Dustin Dornbusch, a South Dakotan who obviously tuned into the baiting issue, wrote this week to ask if baiting results in more trophy-sized bucks. Baiting is illegal in South Dakota, and Dustin noted that while some big whitetails are shot in his state every fall, other places–including some bait-legal states–shot more. Was baiting the difference?
I’m assuming Dustin was inferring that the bait-legal states were giving bucks a nutrition bump that results in larger antlers. I don’t buy this argument. Baiting is usually a short-term practice designed solely to give hunters a (presumably) better chance to shoot deer. But as soon as hunting season ends, bait disappears, forcing whitetails to eat whatever food is available to them. I can see no long-term benefits in baiting that would result in bigger antlers.
Supplemental feeding–where deer are supplied with protein-rich pellets, cereal grains, etc. throughout the winter–is another matter. Bucks that aren’t stressed for feed in the long weeks between post-rut and spring green-up should go into the antler growing season in better shape and therefore grow a nicer rack. However, the cost of supplemental feeding prevents it from being practiced by a significant number of private landowners in most areas. And I know of no state agency that has spare money–or interest–in the practice.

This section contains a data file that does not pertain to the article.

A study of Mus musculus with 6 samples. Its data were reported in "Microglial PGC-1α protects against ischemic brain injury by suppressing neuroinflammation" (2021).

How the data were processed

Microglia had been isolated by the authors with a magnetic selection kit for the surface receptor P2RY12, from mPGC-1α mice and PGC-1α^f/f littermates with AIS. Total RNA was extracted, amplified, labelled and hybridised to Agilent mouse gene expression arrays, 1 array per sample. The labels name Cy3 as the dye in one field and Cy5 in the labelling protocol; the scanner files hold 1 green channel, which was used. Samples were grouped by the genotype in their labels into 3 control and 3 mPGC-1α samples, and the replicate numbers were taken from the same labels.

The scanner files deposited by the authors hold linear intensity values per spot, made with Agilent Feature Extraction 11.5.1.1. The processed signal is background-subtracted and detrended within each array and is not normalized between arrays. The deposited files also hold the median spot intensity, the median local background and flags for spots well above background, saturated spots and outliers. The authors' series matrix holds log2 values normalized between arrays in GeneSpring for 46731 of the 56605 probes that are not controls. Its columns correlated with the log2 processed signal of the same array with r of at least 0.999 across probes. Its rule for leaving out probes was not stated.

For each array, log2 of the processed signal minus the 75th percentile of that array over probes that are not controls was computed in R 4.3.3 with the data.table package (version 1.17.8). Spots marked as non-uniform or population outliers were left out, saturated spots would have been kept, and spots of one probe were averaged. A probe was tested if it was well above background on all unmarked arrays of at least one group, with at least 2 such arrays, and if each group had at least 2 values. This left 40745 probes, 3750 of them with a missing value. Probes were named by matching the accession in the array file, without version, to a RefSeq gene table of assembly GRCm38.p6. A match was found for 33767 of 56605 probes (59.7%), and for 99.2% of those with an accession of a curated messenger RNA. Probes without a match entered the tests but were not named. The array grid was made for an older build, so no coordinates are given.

There are many factors that help some states produce more record book bucks than others. I don’t know all the particulars of the South Dakota whitetail population, but my understanding is that the rifle season is held during the peak of the rut. This factor would, in my opinion, have more impact on how many trophy bucks exist. Whitetails need age to grow big racks, and when states hold firearms seasons when bucks are most vulnerable, the majority get shot before their second birthday. I know this, because I live in such a state!